This past May might go down as one of the strangest months in our nation’s history. It began with the announcement from President Barack Obama that Osama bin Laden had been killed. The market followed with a huge downward trend with large swings daily. Meanwhile, hopeful Republican presidential candidates started dropping their names from consideration as the president rode a wave of success. Then came weather conditions the likes of which have never been seen. Tornado season kicked off with a bang in Joplin, Missouri, causing historical amounts of damage, including over a hundred deaths. Not even two weeks later tornadoes devastated parts of Massachusetts, something which it surely wasn't prepared for.
Again, the market has not responded well to any of this news. It is by no surprise that insurance companies like AIG have taken a hit, but many defensive stocks or less popular industries have held steady or even grown. Unfortunately, with tragedy there is often opportunity. The homes and businesses in Joplin and in Massachusetts will need to be rebuilt and this could create work for home builders, my personal favorite being Hovnanian Enterprises (NYSE:HOV), but only because I am from New Jersey. These companies will need lumber from companies like Weyerhaeuser (NYSE:WY) which offers an attractive dividend.
Most importantly, all of the raw materials will need to be shipped and that is where companies like Norfolk Suffolk (NYSE:NSC), CSX Corp (NYSE:CSX), Union Pacific (NYSE:UNP) and Canadian National (NYSE:CNI) come into play. These companies make up the railroad aspect of transnational shipping and will be instrumental in the rebuilding process. I do not want to overvalue the potential revenue from these disasters, but like most industries, rails took a thrashing during the recession and are still offering recovery growth. Going forward we will review these four companies from a financial standpoint, but for more on rail growth click here.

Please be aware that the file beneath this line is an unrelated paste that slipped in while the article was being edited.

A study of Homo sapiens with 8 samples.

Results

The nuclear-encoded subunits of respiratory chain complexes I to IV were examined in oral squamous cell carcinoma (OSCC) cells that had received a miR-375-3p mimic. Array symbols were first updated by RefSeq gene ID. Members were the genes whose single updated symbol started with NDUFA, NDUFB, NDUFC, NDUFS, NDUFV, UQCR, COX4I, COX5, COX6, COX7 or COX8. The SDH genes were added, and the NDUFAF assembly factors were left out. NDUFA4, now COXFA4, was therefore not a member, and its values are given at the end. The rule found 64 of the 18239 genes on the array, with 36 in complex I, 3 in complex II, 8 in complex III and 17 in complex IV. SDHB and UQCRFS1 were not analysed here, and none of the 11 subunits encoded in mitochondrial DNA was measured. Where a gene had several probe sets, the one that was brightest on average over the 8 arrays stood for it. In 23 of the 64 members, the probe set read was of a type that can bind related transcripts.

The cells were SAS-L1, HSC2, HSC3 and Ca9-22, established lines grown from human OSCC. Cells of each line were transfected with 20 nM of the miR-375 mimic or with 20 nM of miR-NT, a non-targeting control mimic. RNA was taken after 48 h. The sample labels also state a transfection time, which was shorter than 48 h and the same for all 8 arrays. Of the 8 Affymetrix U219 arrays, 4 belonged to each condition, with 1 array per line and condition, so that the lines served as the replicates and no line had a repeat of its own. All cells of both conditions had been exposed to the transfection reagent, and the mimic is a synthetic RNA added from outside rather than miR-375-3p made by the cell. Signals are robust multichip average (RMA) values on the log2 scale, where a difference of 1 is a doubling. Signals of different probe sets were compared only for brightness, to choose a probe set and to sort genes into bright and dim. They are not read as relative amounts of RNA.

First up is Norfolk Suffolk, which covers the eastern portion of the U.S. Its lines go as far as Kansas City, Missouri, which is actually fitting for Joplin, and go as far north as Maine, and it has one line going as far south as Miami (and one stretching to Dallas). The company hits all of the major ports and cities along this stretch, with a big focus in Virginia and New Jersey (since Trenton Makes and The World Takes).
CSX covers the same territory as Norfolk with a few more connections in Florida. I do ride on commuter trains pretty frequently and see more CSX cars than any in freight yards, but I would not give any merit to this.
Conversely, Union Pacific covers the entire western side of the country. This goes from New Orleans to Seattle and covers all of Texas, which of course, is big. There is some overlap with CSX and Norfolk in that they all cover tornado alley.
Canadian National covers the greatest distance north to west and is the only company of the four to cross both borders. In the U.S. it also covers tornado alley all the way down to southeast Texas. As its name would suggest, the company traverses all of Canada and even has an ocean line to Alaska. It goes as far south as Mexico City, while covering the majority of that country.
All of these companies have shown impressive growth over the last year, which is mainly a product of their recessionary lows. They all offer very stable, albeit low paying, dividends that have a history of rising annually. But in these times, stability is an asset; couple that with the expected rise in railroad traffic and all of these companies could be winners despite their current highs.